Asked by freemexy on 07/02/2019 at 10:16 PM

Chen Dejun, a 28-year-old teacher in the eastern Chinese city of Hangzhou, is excited that she can now ride the subway to another city 330 km away with the same app on her phone.To get more yangtze river delta, you can visit shine news official website.

“My boyfriend works in Hefei. I travel there almost every month to meet him, and he comes to visit me every month too,” said Chen.
Chen is just one of the tens of millions that can benefit from 10 cooperative agreements signed by officials from Shanghai and the provinces of Jiangsu, Zhejiang and Anhui last week to accelerate regional integration of the Yangtze River Delta, already a national strategy.
Covering a wide range of areas such as transportation, industries, technology and people’s livelihoods, the deals are mainly designed to tackle administrative barriers and promote the flow of people and goods in the delta region.
One agreement allows people to take subways of seven cities in the region, including Shanghai, Hangzhou, Nanjing and Hefei, with the same app.
“It seems like an easy step, but it needs a large amount of hardware upgrading and software debugging and breaking of many barriers,” said Jing Xiandong, chairman of Ant Financial, Alibaba’s financial affiliate.
The Yangtze River Delta should play an exemplary role in seeking regional integration and high-quality development to boost the development of the Yangtze River Economic Belt and east China and build a regional cluster of high-quality development, according to a statement issued after a meeting held by the Political Bureau of the Communist Party of China Central Committee in mid-May.
The delta region takes up only one twenty-sixth of China’s territory and one-sixth of its population but creates almost one-fourth of the country’s gross domestic product.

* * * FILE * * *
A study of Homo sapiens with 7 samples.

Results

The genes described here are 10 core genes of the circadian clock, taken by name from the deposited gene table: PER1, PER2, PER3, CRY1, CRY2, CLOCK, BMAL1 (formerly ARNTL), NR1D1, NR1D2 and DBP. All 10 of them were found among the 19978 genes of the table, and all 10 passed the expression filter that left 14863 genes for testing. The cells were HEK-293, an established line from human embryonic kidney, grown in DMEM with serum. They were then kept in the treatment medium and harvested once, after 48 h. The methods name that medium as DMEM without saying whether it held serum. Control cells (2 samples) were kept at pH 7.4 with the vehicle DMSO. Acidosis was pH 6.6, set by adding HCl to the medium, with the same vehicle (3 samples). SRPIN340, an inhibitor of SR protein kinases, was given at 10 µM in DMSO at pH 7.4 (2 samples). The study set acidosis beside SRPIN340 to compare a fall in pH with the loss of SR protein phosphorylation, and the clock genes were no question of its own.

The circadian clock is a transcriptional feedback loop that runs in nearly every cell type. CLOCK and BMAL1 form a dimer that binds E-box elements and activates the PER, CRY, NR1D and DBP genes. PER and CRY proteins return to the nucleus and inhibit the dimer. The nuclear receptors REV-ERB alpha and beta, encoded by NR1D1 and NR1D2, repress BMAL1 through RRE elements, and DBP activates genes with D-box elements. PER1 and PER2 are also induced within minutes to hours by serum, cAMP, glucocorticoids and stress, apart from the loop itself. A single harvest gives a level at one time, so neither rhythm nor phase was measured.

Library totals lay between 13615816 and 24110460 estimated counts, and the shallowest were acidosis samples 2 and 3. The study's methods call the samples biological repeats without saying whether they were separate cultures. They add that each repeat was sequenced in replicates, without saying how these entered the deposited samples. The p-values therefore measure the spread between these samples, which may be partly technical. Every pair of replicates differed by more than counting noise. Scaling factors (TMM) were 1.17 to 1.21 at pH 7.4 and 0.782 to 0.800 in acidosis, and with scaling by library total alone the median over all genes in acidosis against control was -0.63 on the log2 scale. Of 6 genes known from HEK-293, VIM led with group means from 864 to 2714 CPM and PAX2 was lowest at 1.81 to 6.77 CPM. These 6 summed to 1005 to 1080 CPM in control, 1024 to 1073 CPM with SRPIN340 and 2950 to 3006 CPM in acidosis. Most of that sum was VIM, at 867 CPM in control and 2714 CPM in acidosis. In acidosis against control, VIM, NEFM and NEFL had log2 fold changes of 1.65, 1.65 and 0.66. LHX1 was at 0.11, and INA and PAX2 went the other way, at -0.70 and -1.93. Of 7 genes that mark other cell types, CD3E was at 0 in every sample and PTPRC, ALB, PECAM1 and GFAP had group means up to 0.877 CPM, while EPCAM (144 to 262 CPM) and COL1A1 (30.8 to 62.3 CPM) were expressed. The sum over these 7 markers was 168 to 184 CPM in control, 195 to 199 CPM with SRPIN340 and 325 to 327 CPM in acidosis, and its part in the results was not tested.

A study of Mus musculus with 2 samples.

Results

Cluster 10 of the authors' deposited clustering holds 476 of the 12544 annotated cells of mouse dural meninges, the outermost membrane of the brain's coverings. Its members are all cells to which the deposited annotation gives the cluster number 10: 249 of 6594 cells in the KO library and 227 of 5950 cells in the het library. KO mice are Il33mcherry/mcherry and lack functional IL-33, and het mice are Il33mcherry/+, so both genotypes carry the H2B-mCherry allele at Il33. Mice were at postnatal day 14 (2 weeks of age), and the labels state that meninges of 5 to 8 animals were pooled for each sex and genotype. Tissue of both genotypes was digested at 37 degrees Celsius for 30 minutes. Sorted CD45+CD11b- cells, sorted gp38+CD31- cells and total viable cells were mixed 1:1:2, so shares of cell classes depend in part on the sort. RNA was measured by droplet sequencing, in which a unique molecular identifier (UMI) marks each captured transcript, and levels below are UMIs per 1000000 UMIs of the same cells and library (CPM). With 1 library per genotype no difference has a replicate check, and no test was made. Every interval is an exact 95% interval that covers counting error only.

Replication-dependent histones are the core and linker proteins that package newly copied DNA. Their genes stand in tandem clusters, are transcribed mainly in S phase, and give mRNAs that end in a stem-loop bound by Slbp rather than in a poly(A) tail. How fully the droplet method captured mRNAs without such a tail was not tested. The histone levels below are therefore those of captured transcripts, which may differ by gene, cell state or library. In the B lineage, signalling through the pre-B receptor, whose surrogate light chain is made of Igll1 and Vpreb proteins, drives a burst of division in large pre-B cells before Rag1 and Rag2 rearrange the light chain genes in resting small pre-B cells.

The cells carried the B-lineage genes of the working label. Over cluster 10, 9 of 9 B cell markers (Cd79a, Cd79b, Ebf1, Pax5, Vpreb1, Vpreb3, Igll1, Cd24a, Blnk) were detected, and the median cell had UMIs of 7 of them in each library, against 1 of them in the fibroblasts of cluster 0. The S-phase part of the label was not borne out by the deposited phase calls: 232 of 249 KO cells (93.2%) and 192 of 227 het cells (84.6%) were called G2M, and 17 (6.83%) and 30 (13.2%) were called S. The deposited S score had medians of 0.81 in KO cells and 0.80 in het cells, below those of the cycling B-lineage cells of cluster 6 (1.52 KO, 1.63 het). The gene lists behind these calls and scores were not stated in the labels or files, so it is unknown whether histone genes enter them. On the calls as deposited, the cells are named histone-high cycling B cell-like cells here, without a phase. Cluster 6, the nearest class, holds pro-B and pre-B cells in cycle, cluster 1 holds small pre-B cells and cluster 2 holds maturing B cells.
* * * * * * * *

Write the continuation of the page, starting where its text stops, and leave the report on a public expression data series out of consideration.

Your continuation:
The four localities have made transportation interconnection, particularly the high-speed railway, a priority for the regional integration.
The main structure of a new railroad bridge over the Yangtze River in the city of Wuhu in Anhui was completed last month, paving the way for the operation of the Shangqiu-Hefei-Hangzhou high-speed railway in 2020.
With a designed maximum speed of 350 km per hour, this railway will help further cut the travel time between Hefei and Hangzhou, the capital cities of Anhui and Zhejiang.
Last December, a high-speed railway linking Hangzhou and Huangshan was opened, significantly shortening the travel time between the two scenic cities.
“I frequently travel between the two cities because my wife works in Hangzhou,” said Song Lipeng, who lives in Huangshan of Anhui. “I used to travel by car, but it is more convenient and comfortable with this new rail line,” said Song.
According to statistics, at least 85 cities in the region offer high-speed railway services. With the accelerated transportation infrastructure construction, the dream of “1-3 hour life circle” within the region is becoming a reality.
The city of Suzhou is even building a subway to connect with Shanghai’s metro system.
The Yangtze River Delta is one of China’s most dynamic regions with the highest-level opening-up and the strongest innovation capability. It is a robust driver of China’s economy and a major window on China’s national competitiveness.
Nowadays, Shanghai, Jiangsu, Zhejiang and Anhui are coordinating efforts to draw a common blueprint, instead of developing their own ones.
The localities are seeking to build a scientific innovation community amid other joint efforts to improve the inter-city railway network and fight pollution.
The region is coordinating a modern layout to build world-class industrial clusters in fields of integrated circuits, artificial intelligence, biomedicine, high-end equipment, new materials and new energy vehicles, and seeking to use the innovation community to make breakthroughs in several key technologies.
As the Yangtze River Delta integration pushes forward, more institutional and systematic results are yielding, said Ma Chunlei, head of the Shanghai Municipal Development and Reform Commission and the Yangtze River Delta Regional Cooperation Office.
“Now the one municipality and three provinces have a shared action plan,” said Ma.
Yu Quan, who runs a company in the city of Xuancheng in Anhui, is a beneficiary of the integration. It only took him three days to get the registration certificate for the research center he established in Shanghai.
“I would have to go to Shanghai to apply for the certificate before. Thanks to the new policy, I could easily get it in Xuancheng and it saved me a lot of trouble,” said Xu, referring to a mechanism established last year.
In June 2018, nine districts and cities in the region created a mechanism called “G60 science and technology innovation corridor,” aiming to build an integrated development platform driven by scientific, technological and institutional innovation.